Stewarding Energy and Momentum

The best way to build momentum is to seize opportunities as they appear because quick turnaround tends to build momentum.

Maybe a physics reference might be helpful in our understanding. If you remember anything from your high school physics class, you undoubtedly recall that P = MV is the equation used to discover the moment of an object. Momentum = mass x velocity. Mass if often misunderstood to be about size. Size is actually better measured in volume. Mass is about weight. More mass equals greater potential impact. Momentum is created when mass is fueled by velocity. But speed and velocity are often confused. 

Speed refers to the rate at which an object covers distance. A fast-moving object has a high speed and covers a large distance in a period of time; a slow-moving object has a slow speed and covers a small distance in a period of time. Simply stated, speed has no directional component. It is simply how fast something is moving. Velocity is different. 

Velocity is directionally aware. In other words, velocity is the rate at which an object changes its position. Imagine someone running in place. While this may result in a frenzy of activity, it would result in zero velocity. Every step would need to go into moving that person further from where they started for it to be velocity. It’s mass, coupled with speed and direction, that creates momentum.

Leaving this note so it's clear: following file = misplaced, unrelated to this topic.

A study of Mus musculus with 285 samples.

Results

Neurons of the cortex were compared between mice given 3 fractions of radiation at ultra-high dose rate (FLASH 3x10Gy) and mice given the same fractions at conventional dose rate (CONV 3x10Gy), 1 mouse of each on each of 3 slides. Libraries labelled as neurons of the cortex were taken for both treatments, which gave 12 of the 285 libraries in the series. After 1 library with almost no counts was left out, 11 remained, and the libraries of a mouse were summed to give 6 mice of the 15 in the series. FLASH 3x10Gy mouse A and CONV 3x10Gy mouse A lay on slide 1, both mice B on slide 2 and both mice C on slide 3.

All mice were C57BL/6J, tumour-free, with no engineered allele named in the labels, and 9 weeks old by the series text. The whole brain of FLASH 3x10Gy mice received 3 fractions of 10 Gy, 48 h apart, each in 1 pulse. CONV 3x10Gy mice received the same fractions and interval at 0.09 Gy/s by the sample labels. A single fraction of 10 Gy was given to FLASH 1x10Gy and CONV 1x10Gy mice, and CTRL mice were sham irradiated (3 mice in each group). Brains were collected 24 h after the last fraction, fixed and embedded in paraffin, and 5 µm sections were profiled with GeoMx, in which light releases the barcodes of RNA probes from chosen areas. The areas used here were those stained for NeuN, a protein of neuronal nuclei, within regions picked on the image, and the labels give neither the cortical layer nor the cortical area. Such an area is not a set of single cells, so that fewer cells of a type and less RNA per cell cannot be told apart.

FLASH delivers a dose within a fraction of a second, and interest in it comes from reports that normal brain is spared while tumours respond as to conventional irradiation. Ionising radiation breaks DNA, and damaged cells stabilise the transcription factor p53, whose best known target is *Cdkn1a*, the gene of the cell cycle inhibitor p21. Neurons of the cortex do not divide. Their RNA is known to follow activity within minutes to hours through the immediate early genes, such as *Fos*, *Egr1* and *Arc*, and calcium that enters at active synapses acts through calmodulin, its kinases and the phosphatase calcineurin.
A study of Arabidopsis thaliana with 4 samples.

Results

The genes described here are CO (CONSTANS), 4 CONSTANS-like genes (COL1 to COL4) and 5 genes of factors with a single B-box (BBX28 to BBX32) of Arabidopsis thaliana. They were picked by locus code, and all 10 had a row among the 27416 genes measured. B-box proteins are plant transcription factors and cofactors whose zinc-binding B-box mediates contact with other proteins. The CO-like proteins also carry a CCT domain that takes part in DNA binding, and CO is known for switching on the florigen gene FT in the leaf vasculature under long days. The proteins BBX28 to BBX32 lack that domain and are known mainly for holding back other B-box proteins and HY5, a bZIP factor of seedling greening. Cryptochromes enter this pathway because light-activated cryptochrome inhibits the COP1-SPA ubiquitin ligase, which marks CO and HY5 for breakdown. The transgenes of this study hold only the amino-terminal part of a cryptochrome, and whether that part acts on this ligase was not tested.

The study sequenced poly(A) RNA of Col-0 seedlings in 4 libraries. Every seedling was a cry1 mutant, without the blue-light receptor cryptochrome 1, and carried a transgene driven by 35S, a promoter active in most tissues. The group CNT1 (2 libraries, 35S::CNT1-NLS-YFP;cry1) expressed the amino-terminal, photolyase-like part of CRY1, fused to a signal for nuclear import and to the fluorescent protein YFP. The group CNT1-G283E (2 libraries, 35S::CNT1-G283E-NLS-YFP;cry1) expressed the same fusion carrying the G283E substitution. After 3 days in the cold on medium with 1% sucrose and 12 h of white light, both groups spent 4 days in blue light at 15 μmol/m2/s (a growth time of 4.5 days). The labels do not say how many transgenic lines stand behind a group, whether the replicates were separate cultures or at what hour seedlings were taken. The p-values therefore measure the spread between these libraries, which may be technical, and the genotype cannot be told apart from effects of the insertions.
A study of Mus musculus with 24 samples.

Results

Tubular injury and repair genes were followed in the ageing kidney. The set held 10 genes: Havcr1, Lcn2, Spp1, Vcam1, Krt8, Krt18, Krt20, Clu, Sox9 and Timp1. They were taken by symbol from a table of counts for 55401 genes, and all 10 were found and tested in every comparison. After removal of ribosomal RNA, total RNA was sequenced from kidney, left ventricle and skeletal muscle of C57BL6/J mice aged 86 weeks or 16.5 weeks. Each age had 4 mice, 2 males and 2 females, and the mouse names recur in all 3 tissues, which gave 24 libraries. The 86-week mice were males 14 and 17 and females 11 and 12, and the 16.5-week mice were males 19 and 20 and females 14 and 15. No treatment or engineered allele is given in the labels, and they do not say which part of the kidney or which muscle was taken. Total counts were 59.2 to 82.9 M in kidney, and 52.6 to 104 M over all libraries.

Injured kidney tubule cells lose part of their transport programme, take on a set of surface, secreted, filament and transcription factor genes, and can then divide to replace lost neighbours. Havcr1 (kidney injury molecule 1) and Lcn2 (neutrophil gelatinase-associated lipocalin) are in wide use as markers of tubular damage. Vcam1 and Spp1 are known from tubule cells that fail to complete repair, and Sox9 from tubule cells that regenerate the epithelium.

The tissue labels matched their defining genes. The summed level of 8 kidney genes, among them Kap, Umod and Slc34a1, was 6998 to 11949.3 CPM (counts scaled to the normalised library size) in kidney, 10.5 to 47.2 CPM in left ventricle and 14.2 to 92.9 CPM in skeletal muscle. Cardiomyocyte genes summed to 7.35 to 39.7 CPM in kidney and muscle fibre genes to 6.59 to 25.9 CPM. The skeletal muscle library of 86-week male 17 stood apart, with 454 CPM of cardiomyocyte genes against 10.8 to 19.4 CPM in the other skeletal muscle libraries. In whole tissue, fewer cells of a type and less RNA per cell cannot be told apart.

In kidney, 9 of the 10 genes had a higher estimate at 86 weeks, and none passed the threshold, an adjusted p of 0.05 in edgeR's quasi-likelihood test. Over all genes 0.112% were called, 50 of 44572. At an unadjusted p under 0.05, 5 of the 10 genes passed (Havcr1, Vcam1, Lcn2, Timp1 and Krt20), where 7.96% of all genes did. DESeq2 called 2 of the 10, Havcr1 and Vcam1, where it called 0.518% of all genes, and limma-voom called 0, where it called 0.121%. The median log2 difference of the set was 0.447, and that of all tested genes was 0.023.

Now let’s draw some parallels for the church. 

In the church, mass equals people. Without people, there is no momentum. Mass is a critical component of momentum. We want to increase our mass not for the sake of numbers alone, but for the sake of impact. But mass, as important as it is, will not create momentum on its own. We also need velocity – speed moving in a common direction. That’s why a clear, concise and actionable mission and vision statements are so important. Because when people (mass) move together under God in a common direction (velocity) momentum is developed. 

The choice is simple. We can go a million miles an hour in a frenzy of programs and activity and get nowhere, or we can put our collective mass behind a common direction and create some momentum. 

Perhaps that is what the author of Hebrews was trying to communicate in Hebrews 12:12-13. I love how Eugene Peterson puts it in the Message translation: “So take a new grip with your tired hands and stand firm on your shaky legs. Mark out a straight path for your feet. Then those who follow you, though they are weak and lame, will not stumble and fall but will become strong.” 

Do you want to create momentum? Take a steady grip with tired hands, a firm stance on shaky legs, mark out a straight path for your feet, and then GO FOR IT!